Sunday, November 25, 2012

1898: 100,000 People Tattooed in London

I have finally found evidence that this trend not only existed but was in fact extremely wide spread. Harmsworth claims that in 1898 there were over 100,000 tattooed. It also confirms that the trend started among the royals of the world.

It also says that there were about 20 tattoo artists in London, but one in particular did the best work and was most famous. His name was Professor Riley.

This article leads me to believe that since the trend was so widespread and this Professor Riley so well known, aristocratic women most likely went to him to be tattooed. Also, it seems as the trend grew, it became more and more acceptable and thus it was not such a far-fetched idea that women would be allowed to participate.

Harmsworth magazine also claims that the best tattoo artists in London were rivaling their Asian counterparts and were in fact very skilled.

Some examples of tattoos below:

Thursday, November 8, 2012

Why do people get tattoos?

To uncover why upper class Victorian women would get tattoos, I thought I would start at why anyone gets a tattoo.

According to academic psychological resources, the reasons are as follows:

“Reclaim body” fantasy“Perfect body” fantasyOften if one is unsatisfied with results of previous modification, might seek out changes that are more extreme or riskyS&M

There are many more reasons, but I chose the ones I thought would relate to upper class Victorian Women.

1) Victorian women would have been interested in "reclaiming" their body for themselves because they were seen as property and objects belonging to men. Tattooing offered them a way to take control of what they put on their body.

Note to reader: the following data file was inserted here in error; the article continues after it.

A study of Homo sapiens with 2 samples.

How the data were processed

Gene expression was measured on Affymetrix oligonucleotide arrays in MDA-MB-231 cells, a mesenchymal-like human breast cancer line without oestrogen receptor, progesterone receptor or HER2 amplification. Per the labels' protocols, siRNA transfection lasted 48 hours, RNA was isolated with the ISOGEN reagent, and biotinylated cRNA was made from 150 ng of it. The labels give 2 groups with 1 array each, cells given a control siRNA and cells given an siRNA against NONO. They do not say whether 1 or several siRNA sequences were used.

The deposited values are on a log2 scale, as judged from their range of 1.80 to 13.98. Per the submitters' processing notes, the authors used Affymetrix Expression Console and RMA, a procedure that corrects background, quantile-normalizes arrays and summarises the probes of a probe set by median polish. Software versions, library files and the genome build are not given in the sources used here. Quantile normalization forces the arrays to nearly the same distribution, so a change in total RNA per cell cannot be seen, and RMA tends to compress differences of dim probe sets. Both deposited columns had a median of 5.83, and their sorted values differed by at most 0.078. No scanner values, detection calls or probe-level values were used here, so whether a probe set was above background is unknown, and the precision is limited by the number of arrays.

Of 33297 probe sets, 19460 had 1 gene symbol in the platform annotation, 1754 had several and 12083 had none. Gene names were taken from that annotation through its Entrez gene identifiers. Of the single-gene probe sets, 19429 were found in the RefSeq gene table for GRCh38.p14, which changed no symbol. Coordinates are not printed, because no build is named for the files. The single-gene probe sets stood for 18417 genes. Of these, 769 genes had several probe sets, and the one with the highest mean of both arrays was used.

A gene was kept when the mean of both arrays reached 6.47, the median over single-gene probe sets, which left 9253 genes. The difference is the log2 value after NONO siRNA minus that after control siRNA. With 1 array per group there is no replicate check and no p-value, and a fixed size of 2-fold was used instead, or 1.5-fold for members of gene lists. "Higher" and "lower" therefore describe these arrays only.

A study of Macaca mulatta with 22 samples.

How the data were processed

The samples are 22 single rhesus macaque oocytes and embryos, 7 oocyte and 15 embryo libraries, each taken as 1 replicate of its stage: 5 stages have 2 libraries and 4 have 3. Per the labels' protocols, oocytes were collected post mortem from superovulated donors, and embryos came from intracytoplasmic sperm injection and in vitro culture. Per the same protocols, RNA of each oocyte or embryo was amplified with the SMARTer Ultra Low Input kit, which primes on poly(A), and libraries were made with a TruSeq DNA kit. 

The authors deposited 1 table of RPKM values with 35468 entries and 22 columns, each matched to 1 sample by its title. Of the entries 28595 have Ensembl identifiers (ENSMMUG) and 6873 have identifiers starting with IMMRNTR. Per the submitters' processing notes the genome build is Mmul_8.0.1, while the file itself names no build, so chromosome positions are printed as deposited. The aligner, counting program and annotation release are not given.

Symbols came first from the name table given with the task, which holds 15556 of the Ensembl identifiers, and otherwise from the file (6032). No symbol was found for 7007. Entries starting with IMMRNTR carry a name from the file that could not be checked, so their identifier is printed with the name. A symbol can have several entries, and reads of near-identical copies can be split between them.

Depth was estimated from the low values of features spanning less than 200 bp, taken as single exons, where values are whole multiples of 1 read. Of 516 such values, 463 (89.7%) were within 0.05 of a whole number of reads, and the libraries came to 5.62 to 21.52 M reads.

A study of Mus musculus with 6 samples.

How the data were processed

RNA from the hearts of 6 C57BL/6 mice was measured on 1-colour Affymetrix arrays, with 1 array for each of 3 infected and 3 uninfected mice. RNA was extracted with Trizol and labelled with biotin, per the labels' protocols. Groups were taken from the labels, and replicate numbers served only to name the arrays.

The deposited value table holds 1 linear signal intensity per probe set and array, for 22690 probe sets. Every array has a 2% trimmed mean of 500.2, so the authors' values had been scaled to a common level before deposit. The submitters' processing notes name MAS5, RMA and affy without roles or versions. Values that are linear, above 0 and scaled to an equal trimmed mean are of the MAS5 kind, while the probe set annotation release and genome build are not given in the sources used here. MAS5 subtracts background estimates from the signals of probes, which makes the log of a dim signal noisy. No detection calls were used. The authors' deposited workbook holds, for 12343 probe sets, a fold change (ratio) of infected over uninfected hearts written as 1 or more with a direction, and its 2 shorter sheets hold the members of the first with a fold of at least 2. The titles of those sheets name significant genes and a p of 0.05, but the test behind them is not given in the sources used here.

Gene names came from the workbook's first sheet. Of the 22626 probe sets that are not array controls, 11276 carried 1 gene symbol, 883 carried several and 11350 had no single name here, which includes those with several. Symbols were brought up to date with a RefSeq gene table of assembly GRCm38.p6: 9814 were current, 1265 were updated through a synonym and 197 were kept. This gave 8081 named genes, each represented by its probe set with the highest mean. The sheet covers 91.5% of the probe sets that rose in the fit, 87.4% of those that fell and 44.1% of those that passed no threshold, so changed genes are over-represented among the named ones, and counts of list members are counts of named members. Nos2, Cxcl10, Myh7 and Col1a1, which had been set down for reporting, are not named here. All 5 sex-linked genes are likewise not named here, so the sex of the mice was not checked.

2) Obsession is an understatement when one is talking about how Victorian women treated the idea of a "perfect body." They would undergo daily pain of the corset, bustle, crinoline, etc, to look like the ideal they were bombarded with on a daily basis through magazines, advertisement, and simply conversation. The tattoo was another way to complete their perfectly trendy appearance.

3) If one could not get their waist down to the ideal 17-18 inches, one could feel dissatisfied with all the work they have done to their body. Tattooing was a sure way that their modification would be successful.

4) The entire Victorian society was based around women being submissive to men. In many accounts, women go so used to this, they even began to like it. They started to enjoy the pain caused by their corset. Many even practiced "tight-lacing" with their husband. Where he would pull the corset so tight as to restrict breathing, causing an erotic pleasure. Tattoos are synonymous with this pleasure/pain dichotomy. The pain of the tattoo makes one experience pleasure similar to that of sex or drug use.

The more I look into this topic, the less shocking this trend becomes and the more it makes sense.